In "A Guide Book of Lincoln Cents" QDB writes:


Key to Collecting: The low mintage, 4,550,000, has hallmarked this as a key issue ever since collectors began plucking coins from circulation in the 1930's. Examples remain scarce in circulated grades in comparison to higher mintage issues. As to certified MS65 RD coins, when David W. Lange wrote his book in 1995, there was just one-----count it-----just one. Now there are nearly two dozen certied. This is the rarity among pristine (undipped) Mint State Lincolns. Recently Sam Lukes, a Lincoln cent specialist for many years, stated that he has never seen a 1926-S that he would call MS65 RD.


Striking and Sharpness: Usually with indistinct areas: sub-par. Exceptions are rare. It seems likely that Full Details coins were struck on especially soft planchets, and toned very quickly. Weak strikes that have much of the original color were probably struck on harder planchets, which tended to tone slowly.


Notes: A small cache of 14 red and brown Uncirculated pieces was sold, against a Standard Catalog valuation of $25 Uncirculated, in several lot's in New Netherlands' 50th Sale, December 1957. They realized about $15 to $25 each. Some were described as weakly struck, but probably all were to some degree.

A well-known specialist in Lincoln cents, "S.B.," ;) a connoissseur and careful buyer, mentioned to me some years ago that he had never seen an MS65 cent with full original red, but he had had many red and brown ones offered to him, and took detailed notes on each. Lo and hehold! Some of those former red and brown coins somehow became "RD", were certified as such, and reoffered to him. These were easy to identify from small surface marks he had recorded earlier. Perhaps if "coin doctors" keep busy, MS65 RD 1926-S cents will become common!


Sellers Description

The 1926-S Lincoln cent is one of the toughest in the series. Very few high grade '26-S coins exist. PCGS has graded only a single MS65-RD and that coin sold years ago for more than $100,000. Only 16 MS65's have been graded in all colors.


The pictures below were taken under natural light. The coin has an even, natural chocolate brown color with no toning. Very few carbon spots can be seen, and only under magnification. The obverse has a medium-solid strike with few flaws. The reverse is soft due to the use of a worn die. Some very interesting bulging can be seen and the motto is weak. The worn die is also responsible for a loss of detail on the wheat straw and relief in the letter "F" in "OF".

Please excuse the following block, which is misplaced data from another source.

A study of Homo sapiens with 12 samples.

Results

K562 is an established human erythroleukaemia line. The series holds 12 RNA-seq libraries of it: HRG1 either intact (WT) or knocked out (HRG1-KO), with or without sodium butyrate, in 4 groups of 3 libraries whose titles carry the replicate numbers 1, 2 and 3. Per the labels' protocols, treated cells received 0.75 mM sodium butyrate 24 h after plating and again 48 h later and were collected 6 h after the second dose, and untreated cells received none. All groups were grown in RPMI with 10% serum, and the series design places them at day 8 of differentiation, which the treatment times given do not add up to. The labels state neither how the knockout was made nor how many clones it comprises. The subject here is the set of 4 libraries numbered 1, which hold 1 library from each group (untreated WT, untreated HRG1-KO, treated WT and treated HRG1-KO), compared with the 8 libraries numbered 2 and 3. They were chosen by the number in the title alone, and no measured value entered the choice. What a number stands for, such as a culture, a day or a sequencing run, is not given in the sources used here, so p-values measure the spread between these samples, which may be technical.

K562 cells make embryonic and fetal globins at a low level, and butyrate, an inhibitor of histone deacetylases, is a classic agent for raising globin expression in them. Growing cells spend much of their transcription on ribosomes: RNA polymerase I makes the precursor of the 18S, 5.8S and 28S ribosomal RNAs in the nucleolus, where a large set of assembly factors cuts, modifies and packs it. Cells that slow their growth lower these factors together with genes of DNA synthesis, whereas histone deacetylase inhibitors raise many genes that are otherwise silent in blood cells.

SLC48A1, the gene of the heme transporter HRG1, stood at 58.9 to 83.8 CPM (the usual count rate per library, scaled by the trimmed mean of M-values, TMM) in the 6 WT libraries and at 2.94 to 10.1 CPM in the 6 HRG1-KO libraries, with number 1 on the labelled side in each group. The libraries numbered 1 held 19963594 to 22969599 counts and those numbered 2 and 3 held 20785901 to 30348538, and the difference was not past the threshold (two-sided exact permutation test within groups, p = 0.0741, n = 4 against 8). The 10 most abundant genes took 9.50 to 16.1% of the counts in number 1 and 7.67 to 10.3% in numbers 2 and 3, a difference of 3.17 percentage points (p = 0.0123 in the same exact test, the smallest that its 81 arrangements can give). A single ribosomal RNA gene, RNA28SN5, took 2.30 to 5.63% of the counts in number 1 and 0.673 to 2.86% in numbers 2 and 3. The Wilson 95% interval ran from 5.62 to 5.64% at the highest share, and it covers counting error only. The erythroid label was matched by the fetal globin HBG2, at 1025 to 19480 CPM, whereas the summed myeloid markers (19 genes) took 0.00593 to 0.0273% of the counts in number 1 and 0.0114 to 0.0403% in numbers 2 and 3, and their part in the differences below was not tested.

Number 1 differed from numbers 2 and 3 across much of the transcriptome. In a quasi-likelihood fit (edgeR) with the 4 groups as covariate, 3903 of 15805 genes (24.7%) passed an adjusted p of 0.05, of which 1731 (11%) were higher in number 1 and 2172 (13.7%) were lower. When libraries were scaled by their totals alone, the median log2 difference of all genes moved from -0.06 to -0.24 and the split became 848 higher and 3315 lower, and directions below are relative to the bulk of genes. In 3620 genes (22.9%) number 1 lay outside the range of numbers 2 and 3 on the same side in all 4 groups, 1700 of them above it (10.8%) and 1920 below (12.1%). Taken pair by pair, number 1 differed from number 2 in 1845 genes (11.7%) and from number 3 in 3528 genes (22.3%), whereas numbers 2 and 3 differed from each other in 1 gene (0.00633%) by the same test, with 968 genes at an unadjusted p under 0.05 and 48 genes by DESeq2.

It wasn’t too many years ago that Daniel Boone was one of the best known figures in American history. This was due in no small part to a popular television series about his adventures that featured Fess Parker in the title role. Today, Boone is probably less well known than most professional athletes. This is a sad commentary on current American values, for Daniel Boone was indeed an important figure whose actions truly lived up to his legend. That he should appear on a United States commemorative half dollar seems entirely justified.


Of English Quaker heritage, Boone was born in Reading, Pennsylvania in 1734. Just as young Daniel was approaching adulthood, his family relocated to the Yadkin Valley of North Carolina. Married to Rebecca Bryant in 1756, he proved an indifferent farmer but a talented hunter, trapper and general frontiersman. Service during the French and Indian War on behalf of what were then still British colonies was followed by exploration of Florida in 1763, a prize newly acquired from Spain. This region proved disagreeable to Mrs. Boone, and Daniel commenced his explorations of Kentucky during the years 1769-71. At that time, Kentucky was as little known to Americans as the continent of Africa, yet the land held a certain appeal for the young couple. Boone’s attempt to establish a colony there in 1773 was foiled by hostile Indians. He persevered and two years later led 30 armed men in the slicing of a trail from Tennessee through the wilderness to a site on the Kentucky River they proclaimed boonesboro. His forging of the Wilderness Trail soon prompted other settlers to follow.


Sellers Description

Superb surfaces are lightly blanketed with a pleasing gold patina and a rich colorful rainbow crescent in the obverse periphery. The reverse has a light pastel blue peeking though the peripheral lettering, blending toward golden centers. Once part of the JFS and then the Jewell collections, this coin has been a representative example in two of the finest known classic commemorative collections. A great Registry piece with PCGS grading one coin finer.






Nice write up and stories, great photos, wonderful coins!